Write a Letter (To Yourself!)

There’s a beautiful practice I want to introduce today: writing yourself a letter. I learned about it a few years ago and it’s stuck with me ever since. If it sounds silly or strange, I encourage you to keep reading. You don’t have to be an eloquent wordsmith or an experienced writer. All you need is a little motivation, a blank slate, and an open mind.

You might be wondering, what could I possibly have to write to myself? There’s no shortage of messages we send ourselves, but often we do so in a way that’s not very helpful. Think about your first thoughts upon waking. What type of foundation do they lay for your day ahead? What about when you’re driving and your mind starts to wander? Our minds are often abuzz with activity, and it can be hard to filter out the messages that guide us in the right direction from those that lead us into a cycle of self-deprecation or habitual responding.

Imagine it as tuning into your deepest and wisest self, one with unlimited potential.

When you sit down to compose a letter to yourself, you’re naturally more deliberate in your self-dialogue. Writing allows you to tap into a part of yourself that is not as accessible via thinking or talking aloud. Imagine it as tuning into your deepest and wisest self, one with unlimited potential.

Maybe words aren’t your thing, and the thought of putting pen to paper or fingers to keyboard with nothing but a blank page before you seems intimidating. (If doing laundry, cleaning the bathroom, or standing on your head for 5 hours sounds more appealing, I’m talking to you.) You don’t have to be a skilled writer to benefit from this practice. It’s not about how smoothly your sentences flow from one to another or how extensive your vocabulary is to draw from. It’s about communicating with yourself in a way that lets you honor who you are while celebrating the highest self that you can be.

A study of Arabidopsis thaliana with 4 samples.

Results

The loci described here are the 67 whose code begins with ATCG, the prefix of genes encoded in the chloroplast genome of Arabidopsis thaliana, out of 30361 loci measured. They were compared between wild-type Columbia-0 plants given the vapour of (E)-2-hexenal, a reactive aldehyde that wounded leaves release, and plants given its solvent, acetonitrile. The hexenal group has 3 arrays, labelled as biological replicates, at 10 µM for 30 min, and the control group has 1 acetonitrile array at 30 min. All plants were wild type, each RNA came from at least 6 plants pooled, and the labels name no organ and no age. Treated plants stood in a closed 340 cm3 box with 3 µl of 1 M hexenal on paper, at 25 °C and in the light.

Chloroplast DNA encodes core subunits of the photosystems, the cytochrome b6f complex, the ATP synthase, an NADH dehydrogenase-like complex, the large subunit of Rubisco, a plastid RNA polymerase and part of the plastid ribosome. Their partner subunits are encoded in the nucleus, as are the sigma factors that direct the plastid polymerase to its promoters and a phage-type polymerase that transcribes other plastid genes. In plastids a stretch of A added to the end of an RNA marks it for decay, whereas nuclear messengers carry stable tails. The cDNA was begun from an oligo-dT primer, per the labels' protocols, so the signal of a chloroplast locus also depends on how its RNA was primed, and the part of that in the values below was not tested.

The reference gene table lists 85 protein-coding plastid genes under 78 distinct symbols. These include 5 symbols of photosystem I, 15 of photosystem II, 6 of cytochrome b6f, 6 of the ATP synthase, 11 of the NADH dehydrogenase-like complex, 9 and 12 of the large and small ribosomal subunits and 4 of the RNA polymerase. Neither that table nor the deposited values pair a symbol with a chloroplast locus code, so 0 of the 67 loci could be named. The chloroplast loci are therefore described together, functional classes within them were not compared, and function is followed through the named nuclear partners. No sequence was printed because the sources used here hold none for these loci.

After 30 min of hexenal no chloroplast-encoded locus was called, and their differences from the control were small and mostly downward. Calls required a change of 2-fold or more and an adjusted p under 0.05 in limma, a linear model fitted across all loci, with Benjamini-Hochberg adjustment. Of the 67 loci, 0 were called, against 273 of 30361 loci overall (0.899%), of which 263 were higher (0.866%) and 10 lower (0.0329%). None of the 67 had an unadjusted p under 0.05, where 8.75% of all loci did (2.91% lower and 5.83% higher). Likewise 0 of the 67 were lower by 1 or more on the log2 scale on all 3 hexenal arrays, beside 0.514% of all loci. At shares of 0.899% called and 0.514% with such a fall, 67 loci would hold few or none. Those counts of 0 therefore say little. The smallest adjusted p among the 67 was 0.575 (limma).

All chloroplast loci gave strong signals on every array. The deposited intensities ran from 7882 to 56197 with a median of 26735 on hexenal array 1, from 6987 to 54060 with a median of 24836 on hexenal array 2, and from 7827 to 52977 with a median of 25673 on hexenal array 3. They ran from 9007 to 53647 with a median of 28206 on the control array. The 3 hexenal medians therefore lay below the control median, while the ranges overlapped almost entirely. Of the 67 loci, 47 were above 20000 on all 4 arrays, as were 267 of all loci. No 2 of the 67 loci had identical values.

You may choose to write to your present self, your past self, or your future self. You may choose to write to the parts of yourself that you struggle with or the parts that you adore. You may choose to write a letter that you’ll read every day or one that you’ll only pull out at certain times — when you need a confidence boost, when you’ve had a bad day, or when you can’t sleep.

There are no set rules. You need only write from a place of inner truth. Letter writing can help you:

• Clarify your thoughts and feelings around an important decision

• Identify your goals and values

• Recognize where you’re being hard on yourself

• Celebrate your strengths

• Let go of past hurts

• Shed light on how you’ve grown

• Confront your fears

• Embrace your shortcomings

• Energize your body, mind, and spirit

Handwriting your letter is preferable as it often reduces the tendency to edit and self-censor that can be tempting when you’re sitting at a keyboard. You can always type it up afterward if you prefer this format, but I find sitting down to write it first eases some of the formality.

I hope you give this practice a try. If it sounds like something you wouldn’t ordinarily do, use it as an opportunity to step out of your comfort zone! If you have questions or feel stuck, get in touch. I’d love to hear what your experience was like and how it’s helped you. Put that pen to paper and soak in your wise words.